Hard Livin’
The many ways to lose a life or limb on a 1930s farm
By Neil Ferron

Migrant laborers with a threshing machine.

“I lost my hand right here on the ranch.”
— Candy

In the 1930s, migrant labor was one of the most dangerous occupations—only surpassed by mining and freight brakemen. Family farms were being replaced by large land companies who had little interest in protecting the health and lives of their laborers. As a result, a commercial farm like the one in Of Mice and Men was a dangerous and largely unregulated workplace, and there were many ways to lose life or limb.

The most prominent danger came from farm machinery. The 1930s was a time of agricultural mechanization. Labor that had previously been completed by horses or laboring men was becoming the job of machines. Tractors, grain drills, and combines provided greater efficiency but also new dangers.

Lose a hand in a threshing machine

The most notoriously dangerous machine was the threshing machine. Invented by Scottish mechanical engineer Andrew Meikle in the late 18th century, the machine used a series of teeth and rotating blades to separate the grain from the straw. The danger came from the “pinch points,” where the belt and gear drives came together. A hand caught in a pinch point was easily severed. Clothing caught in a pinch point could drag other body parts or the entire body into the machinery.

When threshing machines were first released, there was a backlash against them, in part due to safety concerns. In 1811, the Bury and Norwich Post wrote, “There has not been any recent inventions by which human calamity has been produced as by the new implement called the thrashing [sic] machine.” Some of these safety concerns were veiled attempts to keep laborers from losing their jobs to machines, but news clippings of the time confirm that there were an inordinate number of gruesome accidents caused by threshers.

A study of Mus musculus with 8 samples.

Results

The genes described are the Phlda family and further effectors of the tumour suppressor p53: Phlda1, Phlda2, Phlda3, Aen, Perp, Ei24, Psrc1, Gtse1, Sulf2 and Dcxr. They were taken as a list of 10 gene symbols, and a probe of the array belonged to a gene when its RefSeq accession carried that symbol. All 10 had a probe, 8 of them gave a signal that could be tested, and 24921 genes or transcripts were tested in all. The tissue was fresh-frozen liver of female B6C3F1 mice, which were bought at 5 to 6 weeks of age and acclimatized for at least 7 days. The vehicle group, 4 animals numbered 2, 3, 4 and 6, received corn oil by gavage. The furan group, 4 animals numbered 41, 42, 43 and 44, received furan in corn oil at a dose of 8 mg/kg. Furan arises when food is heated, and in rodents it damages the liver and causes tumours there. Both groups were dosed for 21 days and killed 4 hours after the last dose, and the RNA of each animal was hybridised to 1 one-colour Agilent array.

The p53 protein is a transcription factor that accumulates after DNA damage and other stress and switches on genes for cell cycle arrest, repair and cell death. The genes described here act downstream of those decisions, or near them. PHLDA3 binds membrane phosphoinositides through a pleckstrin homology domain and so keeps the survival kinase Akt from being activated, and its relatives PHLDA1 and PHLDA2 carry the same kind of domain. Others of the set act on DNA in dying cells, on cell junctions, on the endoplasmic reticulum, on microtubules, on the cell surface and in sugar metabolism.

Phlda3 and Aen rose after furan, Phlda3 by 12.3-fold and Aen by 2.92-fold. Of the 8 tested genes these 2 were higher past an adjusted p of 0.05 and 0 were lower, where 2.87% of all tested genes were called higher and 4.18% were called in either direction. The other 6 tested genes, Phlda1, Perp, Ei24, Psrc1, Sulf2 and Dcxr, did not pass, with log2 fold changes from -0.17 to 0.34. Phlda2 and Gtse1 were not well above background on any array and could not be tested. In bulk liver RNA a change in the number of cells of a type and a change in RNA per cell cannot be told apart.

The South Bend Register reported a young man’s death: “In less time than it takes to tell it, his head and upper portion of his body were reduced to a shapeless, unrecognizable mass...The sight is said, by those who witnessed it, to have been a most sickening one.”

Suffocate in a pit silo or manure shed

Pit silos and manure sheds presented another danger: deadly gasses. Pit silos were used to store silage (cut cornstalks and other organic waste), and they could be as large as 24 feet across and about 60 feet deep.

Delbert Apetz, a laborer and son of a German immigrant, remembers, "That silage formed a gas and usually you let the lantern down [to check for gas before entering the silo]. And if it went out, why you knew there was gas down there." A dangerous mixture of hydrogen sulfide, carbon dioxide, and methane inside a pit silo or manure shed could suck the oxygen out of the lungs and suffocate an unlucky laborer.

Mule kicks, trampling, food poisoning

There were a host of other dangers for laborers on large farms. Blacksmiths were often victims of mule kicks (mules generally do not appreciate the process of being re-shoed). Horses presented the possibility of being trampled. There were several outbreaks of staph food poisoning in the 1930s. Staphylococci, which could cause severe diarrhea and vomiting, could turn up in milk, eggs, meats, and some baked goods.

No help for farm workers

Large-scale labor regulations were finally passed with the National Labor Relations Act (NRLA) of 1935 and the Fair Labor Standards Act (FLSA) of 1938. The NRLA granted workers the right to unionize, and the FLSA set minimum standards for wages, overtime provisions, and child labor laws. Both acts, however, excluded farm workers. It wasn’t until 1966 that the FLSA was amended to cover agricultural laborers. Even then, other pieces of legislation excluded them from pension plans, unemployment insurance, and workers’ compensation.